The Affordable Care Act, President Barack Obama's signature piece of legislation, made its second appearance before the Supreme Court on Tuesday. After pointed questions from the nine justices that demonstrated a sharply split court, the outcome of the case known as King v. Burwell may be even more important than the 2012 case in which the law was narrowly upheld.
At issue are four words that opponents of the law argue prohibit the federal government from establishing health insurance exchanges in states that failed to set up their own. At risk are the 7 million individuals who receive federal subsidies in those roughly three dozen states that chose to forgo establishing their own exchanges.
Opponents argue that the language of the law that enabled individuals enrolled in exchanges "established by the State" to get subsidies limited those subsidies to individuals enrolled in exchanges established by the individual states rather than the federal government.
The government disagrees, arguing that other language in the law enables the federal government to serve the same function where states fail to act. The ACA says that if a state chooses not to establish their own insurance exchange, the federal government "shall establish and operate such exchange." The government's lawyers argue that the use of the word "such" indicates that Congress meant for both the states and the federal government to work in the same space.
So, with all that said, what did Tuesday's oral arguments show us?
If you're wondering how this case got here, you're not alone. At first blush, the fact that the argument hinges on a single, out-of-context word seems almost baffling. During Wednesday's oral arguments, several justices shared that concern, with Justice Ruth Bader Ginsburg asking whether the plaintiffs, who were not at risk of paying any tax penalties under the ACA, had actually suffered any kind of legal harm required to be able to bring a lawsuit. Each "plaintiff has to have a concrete stake in these questions," Ginsburg said. "They can't put them as ideological questions."
Justice Elena Kagan drilled down on the issue of context, arguing that Congress' intent was to allow the federal government to step in and establish health exchanges where individual states failed to do so. "We don't look at four words," Kagan said. "We look at the whole text, the particular context, the more general context, try to make everything harmonious with everything else."
The plaintiffs' attorney, Michael Carvin, remained steadfast in contending that the language relating to the subsidies only related to states and could not be re-imagined to include the federal government. Justice Antonin Scalia agreed: "How can the federal government establish a state exchange? That is gobbledygook."
But, now that the court has taken the case, the potential damage of a ruling against the government would be immense. A wholesale gutting of the federal government's ability to provide health care subsidies to individuals in 36 states would effectively cut the ACA off at the knees, forcing a congressional fix for the law to regain functionality, an outcome unlikely in today's political environment.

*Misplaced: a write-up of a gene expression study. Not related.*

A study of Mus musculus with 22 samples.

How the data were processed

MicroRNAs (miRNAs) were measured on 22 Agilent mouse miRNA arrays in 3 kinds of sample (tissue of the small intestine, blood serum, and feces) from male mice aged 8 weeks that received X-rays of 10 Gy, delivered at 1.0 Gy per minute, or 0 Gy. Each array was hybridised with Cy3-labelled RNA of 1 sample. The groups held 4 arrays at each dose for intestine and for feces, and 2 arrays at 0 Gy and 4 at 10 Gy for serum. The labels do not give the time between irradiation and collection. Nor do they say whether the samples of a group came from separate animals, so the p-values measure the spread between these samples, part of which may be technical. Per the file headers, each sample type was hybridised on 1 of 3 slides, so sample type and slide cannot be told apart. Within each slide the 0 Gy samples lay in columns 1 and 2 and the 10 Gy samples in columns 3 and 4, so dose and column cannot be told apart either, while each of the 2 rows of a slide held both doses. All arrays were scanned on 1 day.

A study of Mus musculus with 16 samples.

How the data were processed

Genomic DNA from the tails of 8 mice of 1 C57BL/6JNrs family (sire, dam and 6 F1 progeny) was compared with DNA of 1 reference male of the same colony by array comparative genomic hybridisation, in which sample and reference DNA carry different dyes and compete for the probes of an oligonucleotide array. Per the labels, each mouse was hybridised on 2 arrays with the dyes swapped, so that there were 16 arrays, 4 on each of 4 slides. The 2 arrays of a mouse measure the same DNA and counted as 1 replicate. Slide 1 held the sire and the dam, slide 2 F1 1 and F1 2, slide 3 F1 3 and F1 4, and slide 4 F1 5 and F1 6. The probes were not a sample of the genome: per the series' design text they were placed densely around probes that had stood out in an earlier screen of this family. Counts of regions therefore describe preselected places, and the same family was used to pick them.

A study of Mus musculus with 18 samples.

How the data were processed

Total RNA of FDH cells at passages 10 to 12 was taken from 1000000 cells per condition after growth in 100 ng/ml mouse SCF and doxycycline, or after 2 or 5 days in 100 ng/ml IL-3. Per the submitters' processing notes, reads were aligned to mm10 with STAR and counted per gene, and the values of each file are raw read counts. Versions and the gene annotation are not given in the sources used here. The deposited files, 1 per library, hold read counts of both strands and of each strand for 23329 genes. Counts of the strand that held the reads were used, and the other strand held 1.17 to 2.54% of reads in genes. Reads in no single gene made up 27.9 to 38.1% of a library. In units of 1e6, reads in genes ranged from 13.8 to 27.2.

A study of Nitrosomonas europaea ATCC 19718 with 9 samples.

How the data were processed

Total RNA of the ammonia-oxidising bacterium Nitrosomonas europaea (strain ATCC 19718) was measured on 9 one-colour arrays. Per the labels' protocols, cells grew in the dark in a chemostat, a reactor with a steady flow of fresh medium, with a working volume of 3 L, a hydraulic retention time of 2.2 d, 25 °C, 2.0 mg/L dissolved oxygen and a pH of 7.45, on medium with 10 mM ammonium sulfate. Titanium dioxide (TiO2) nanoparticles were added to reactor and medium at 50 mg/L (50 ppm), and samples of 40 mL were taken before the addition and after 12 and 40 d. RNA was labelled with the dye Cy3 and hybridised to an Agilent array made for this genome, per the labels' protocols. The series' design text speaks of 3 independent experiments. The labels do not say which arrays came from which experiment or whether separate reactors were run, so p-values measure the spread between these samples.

If the court were to rule that federal subsidies were not authorized by the ACA, 7 million people would see their average premium costs jump from $150 to $374, making it unaffordable for many and almost certainly guaranteeing the collapse of the insurance markets in those respective states.
On top of 7 million people potentially losing health insurance overnight, the economic implications of such an outcome could be equally severe. Insurance providers throughout the country have voiced their concern, with many likely to exit the insurance market should the decision come down against the Obama administration. Such an exit would upend insurance markets and the health care industry, both regionally and nationally, as insurers would scramble to redo their actuarial requirements and address the sudden loss of millions of paying customers.
Accepting the opposition's argument would cause "the insurance market death spirals that the statutory findings specifically say the statute was designed to avoid," Solicitor General Donald Verrilli Jr., the lawyer for the government, argued before the court. "That cannot be the statute that Congress intended."
"Of course it could be," Scalia pushed back. "I mean it may not be the statute they intended. The question is whether it's the statute that they wrote."
Where the justices stand: Following Tuesday's arguments, seven of the nine justices' opinions seem decided, with Justices Ginsburg, Stephen Breyer, Sonia Sotomayor and Kagan ruling in favor of the government and Justices Scalia, Thomas and Samuel Alito ruling against the government.
That 4-3 split leaves a great deal of power in the hands of perennial swing vote Justice Anthony Kennedy and conservative Chief Justice John Roberts. Kennedy went beyond the language of the law and asked whether accepting the opposition's argument would create an unconstitutionally coercive relationship between the federal government and the states. Accepting the opposition's argument would raise "a serious constitutional question," Kennedy said.
Roberts, who cast the deciding vote in the 2012 case that upheld the constitutionality of the ACA, asked just one substantive question Tuesday. In a notably uncharacteristic act, Roberts joked with the attorneys about the outcome of the 2012 case but made no indication of his position on the case before the court, leaving his final vote in play.
With two justices unaccounted for, potential outcomes remain a mystery. For now, the law's challengers and the Obama administration will be forced to wait to see both how the final votes fall and what the final opinions rule. The court's decision is expected to come in late June or early July, near the end of the court's term.